If your long term disability (LTD) claim is denied, you will have 180 days (just under 6 months) to file an administrative appeal. Moreover, if your disability plan is governed by the Employment Retirement Income Security Act of 1974, (ERISA) your denial notification letter most likely will state that information. Regardless, it is of paramount importance that you follow the appeal procedure to the letter. Failure to submit your appeal during the required timeframe results in a forfeiture of your right to contest the denial.
The Exhaustion of Remedies doctrine is the legal principle behind the requirement that claimants must file administrative appeals before they are allowed to proceed on to court. Its purpose is to prohibit parties from disputing matters in court prior to presenting their arguments to lower administrative levels.
Recently, the 5th Circuit Court of Appeals ruled on an ERISA LTD case that dealt with this doctrine. In Moss v. Unum, the Court of Appeals considered the question of whether a phone call from a claimant’s lawyer to a disability insurance company (Unum) sufficiently constituted an exhaustion of administrative remedies. According to the court’s decision, the attorney called Unum and verbally informed them of his disagreement with their decision to deny LTD benefits to his client. At issue however was the fact that he failed to submit a formal written appeal. Instead of going the administrative appeal route, he quickly filed a lawsuit in court. Ultimately, the 5th Circuit ruled that the lawyer’s phone call to Unum did not constitute an administrative appeal. The court further explained that “[A]llowing informal attempts to substitute for the formal claims procedure would frustrate the primary purpose of the exhaustion requirement.”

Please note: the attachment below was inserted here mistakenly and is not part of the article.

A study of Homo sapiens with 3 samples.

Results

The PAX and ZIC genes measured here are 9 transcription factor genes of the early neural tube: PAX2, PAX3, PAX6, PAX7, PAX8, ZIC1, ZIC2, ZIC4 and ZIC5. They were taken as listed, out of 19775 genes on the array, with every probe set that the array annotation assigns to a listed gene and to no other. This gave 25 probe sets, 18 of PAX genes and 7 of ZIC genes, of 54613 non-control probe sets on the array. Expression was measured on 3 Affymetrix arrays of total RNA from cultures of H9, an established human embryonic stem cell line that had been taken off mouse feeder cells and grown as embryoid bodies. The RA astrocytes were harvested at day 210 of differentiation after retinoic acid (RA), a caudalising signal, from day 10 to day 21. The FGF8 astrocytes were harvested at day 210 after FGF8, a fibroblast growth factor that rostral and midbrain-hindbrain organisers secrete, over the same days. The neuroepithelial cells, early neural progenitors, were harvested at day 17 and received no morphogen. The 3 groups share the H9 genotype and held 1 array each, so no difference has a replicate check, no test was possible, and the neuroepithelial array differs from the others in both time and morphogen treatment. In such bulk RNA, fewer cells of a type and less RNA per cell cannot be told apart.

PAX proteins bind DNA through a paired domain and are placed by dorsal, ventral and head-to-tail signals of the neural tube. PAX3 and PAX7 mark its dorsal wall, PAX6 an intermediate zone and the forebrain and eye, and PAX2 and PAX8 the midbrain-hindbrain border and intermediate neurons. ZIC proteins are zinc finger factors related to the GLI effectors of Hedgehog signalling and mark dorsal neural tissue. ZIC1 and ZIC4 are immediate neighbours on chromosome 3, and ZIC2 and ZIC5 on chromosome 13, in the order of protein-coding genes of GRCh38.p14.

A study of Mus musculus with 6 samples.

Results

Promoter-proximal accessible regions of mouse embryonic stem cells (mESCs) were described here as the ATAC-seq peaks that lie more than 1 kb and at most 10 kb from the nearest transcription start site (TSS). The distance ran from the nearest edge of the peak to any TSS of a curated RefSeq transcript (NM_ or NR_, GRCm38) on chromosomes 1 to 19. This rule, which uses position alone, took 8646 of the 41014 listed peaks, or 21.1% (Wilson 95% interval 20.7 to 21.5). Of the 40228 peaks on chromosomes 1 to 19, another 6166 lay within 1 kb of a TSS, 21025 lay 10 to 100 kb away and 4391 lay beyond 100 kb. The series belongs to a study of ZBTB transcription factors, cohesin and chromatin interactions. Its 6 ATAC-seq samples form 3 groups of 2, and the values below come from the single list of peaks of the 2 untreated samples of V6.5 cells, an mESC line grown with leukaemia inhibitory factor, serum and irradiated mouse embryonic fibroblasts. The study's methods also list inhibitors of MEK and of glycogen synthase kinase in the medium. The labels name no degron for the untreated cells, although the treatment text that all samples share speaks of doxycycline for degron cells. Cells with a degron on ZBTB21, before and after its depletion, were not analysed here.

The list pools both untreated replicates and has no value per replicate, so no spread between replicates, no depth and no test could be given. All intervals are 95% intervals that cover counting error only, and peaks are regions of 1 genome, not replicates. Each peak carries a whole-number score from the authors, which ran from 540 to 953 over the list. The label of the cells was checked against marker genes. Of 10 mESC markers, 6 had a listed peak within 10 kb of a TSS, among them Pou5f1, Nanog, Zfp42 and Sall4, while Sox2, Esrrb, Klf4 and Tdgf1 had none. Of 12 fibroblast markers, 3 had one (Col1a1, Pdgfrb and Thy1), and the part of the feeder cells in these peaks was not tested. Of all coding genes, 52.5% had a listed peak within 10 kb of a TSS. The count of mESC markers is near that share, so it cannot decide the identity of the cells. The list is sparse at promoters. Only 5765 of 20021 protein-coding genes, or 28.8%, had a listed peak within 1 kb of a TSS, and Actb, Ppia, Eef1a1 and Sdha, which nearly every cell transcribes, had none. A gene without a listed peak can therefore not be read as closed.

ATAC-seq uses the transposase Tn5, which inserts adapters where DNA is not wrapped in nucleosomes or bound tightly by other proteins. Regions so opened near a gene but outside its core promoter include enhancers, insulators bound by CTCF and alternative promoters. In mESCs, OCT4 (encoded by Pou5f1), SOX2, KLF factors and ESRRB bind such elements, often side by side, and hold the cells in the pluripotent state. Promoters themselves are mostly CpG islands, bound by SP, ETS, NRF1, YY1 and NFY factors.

Moss v. Unum highlights the damaging consequences that await those claimants who do not submit written, formal appeal letters in ERISA LTD cases. And while it is possible that other Circuit Courts may be more lenient toward claimants who fail to file administrative appeals, no one should ever take the risk of skipping the filing of an administrative appeal.
The Moss plaintiff also contended that the administrative appeal was not required because the denial letter in his case stated: “Unless there are special circumstances, the administrative appeal process must be completed before you begin legal action…” Moss made the argument that the bad faith demonstrated by Unum during the claim process constituted “special circumstances”. However the court rejected this argument, reasoning that Moss’s position would open the floodgates and allow countless claimants to sidestep the administrative appeal filing requirement simply by claiming “bad faith”.